I agree with this, especially noting this appears to be your first track 800.
You will likely be better off on race day if you get in a session of 1x600m on goal pace, or an 800m opening at something conservative for you like 34.0s/200m --> 2:16. (You may well be able to negative split from a 68-second opening 400, which will be informative for race day.)
Was this an indoor 800m, and can I ask what part of the world you're in?
The 3rd 200m of the 800m is a challenge to master!
Most people can get the opening 400m dialed in right, and the last 200m is flat-out almost no matter how you run the race. But from 400-600m it is very easily to keep running 'fast' off of the first lap, but actually degrade a fair bit in speed. Whereas 100m-400m should feel fairly even in effort, the 3rd 'section' should definitely be a rapidly escalating effort -- if not, you are giving time away
As others have said, perhaps more than other distances this is something you can really only get right for your own physiology with repeated races. It's not a coincidence that experienced coaches/runners are all saying to do 600m TTs and/or a few more races!
In short, with your apparent endurance as shown in those 3:10 1000s, you seem to have more than enough speed to run a 2:12 or even sub-2:10.
1. I highly recommend making your recoveries time-based and spending the time walking around or whatever else get you ready for the next rep. (Drills and mobility, etc.) "Jogging" 400m in 3:00 is 7:50/km pace, or 12:00/mile -- there is no really no benefit to this different from walking, except that you are 'running' with form that is totally irrelevant to any running event.
2. Is it a typo when you say your "easy" runs are at 4:00/km? (Did you mean 5:00/km??) As a 2:10 masters 800m runner myself, that would be ridiculously fast for easy mileage. (Faster than my marathon pace.) What are your times like in road distances?
Yes, you can break 2:12. Since you're an inexperienced racer, the biggest concern may be your urge to break out fast. I've seen countless high schoolers run 27 for their opening 200, then bravely hold on and gradually die over the last 200. Don't be like those crazy kids ! Keep 32's in mind as you start out; not sure what the competition will be, but follow in the wake of the eager beavers, give yourself room to pass them, run a wise 3rd 200 and haul ass over the last 200. Best of luck !!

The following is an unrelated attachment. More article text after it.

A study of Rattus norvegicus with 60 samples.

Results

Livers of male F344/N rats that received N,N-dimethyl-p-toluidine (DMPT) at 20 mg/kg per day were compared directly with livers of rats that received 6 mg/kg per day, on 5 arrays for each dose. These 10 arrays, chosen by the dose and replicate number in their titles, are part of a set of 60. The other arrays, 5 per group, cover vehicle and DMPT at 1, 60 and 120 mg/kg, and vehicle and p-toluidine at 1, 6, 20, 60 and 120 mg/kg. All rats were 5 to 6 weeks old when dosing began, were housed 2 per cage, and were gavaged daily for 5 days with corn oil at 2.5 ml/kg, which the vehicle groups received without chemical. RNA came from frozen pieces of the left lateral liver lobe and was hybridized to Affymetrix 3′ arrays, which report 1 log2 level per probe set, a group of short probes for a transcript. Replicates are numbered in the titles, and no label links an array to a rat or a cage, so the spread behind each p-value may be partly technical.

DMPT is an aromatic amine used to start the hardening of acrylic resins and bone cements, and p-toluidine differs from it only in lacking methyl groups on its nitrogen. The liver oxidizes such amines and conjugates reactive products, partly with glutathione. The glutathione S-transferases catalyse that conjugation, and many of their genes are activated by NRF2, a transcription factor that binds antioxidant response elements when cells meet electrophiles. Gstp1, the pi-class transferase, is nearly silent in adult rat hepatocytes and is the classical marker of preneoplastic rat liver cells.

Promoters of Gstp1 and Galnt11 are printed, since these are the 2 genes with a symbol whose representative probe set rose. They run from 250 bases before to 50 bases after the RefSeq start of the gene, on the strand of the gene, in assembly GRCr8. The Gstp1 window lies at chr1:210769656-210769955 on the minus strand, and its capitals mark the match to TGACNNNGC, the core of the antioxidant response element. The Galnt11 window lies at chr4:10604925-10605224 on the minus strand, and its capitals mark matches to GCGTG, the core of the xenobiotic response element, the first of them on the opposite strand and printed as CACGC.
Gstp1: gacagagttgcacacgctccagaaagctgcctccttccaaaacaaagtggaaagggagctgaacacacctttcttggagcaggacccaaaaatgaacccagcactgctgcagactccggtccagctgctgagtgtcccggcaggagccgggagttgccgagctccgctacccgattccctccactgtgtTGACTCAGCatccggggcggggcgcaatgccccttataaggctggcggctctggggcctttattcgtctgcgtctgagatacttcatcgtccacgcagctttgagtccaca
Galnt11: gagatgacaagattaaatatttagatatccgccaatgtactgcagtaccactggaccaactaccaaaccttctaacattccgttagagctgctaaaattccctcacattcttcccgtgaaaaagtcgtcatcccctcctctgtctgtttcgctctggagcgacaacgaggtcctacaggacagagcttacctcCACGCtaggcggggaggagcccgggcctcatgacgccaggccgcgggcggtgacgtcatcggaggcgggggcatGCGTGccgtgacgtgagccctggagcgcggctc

Speaking of 400m repeats, I'm able to run 5k in 15:30, but it depends on the recovery time between repeats. If I only have 40 seconds between, then I will be running 1:14s. If I have 1 minute in between I might be shooting for my 3k pace, then if the recovery is even longer (2+ minutes) I will be aiming for 1:04-1:06.
I agree! I was a top masters runner from 200m-10k. My forte was developing my speed enough so that the first 400m would feel slow and I could use my speed to beat my opponents in the last 300m.
You are truly a distance runner. I can tell because you thought like a distance runner when you took your rest as a jog. Want to run a better distance race, take jog recoveries. Want to run a better 800, take a 200m jog and a 200m slow walk (at least 5-10 min recovery). Want to run a better 400m, run 3x200m with 5 min walk rest, then 3x200m with 7 min rest, then 3x200m with 9 min rest, so that all 9 200's are run at about the same speed that's why you get longer rest when you start to get tired.
It seems like you are on the right track but honestly I think you need to work on buffering lactate like one of the early responders referenced. Repeats at sub-goal pace with large recovery is one half of the equation but intervals near or at goal pace with much shorter revovery periods is a way to train that process. I like to have 800 runners do sets of 4x200 with only 30 seconds in between 200's. First set at goal pace + 2 seconds (for you, 33 + 2 = 35 seconds). Second set at goal pace +1 second (34 per 200). Third set at goal pace (33). 5 minutes walking and jogging between sets.
I was just checking the thread in case there had been further activity, not expecting there to have been any, and am humbled by all the encouragement and suggestions. I'll not reply specifically, but I have read them all; thank you all!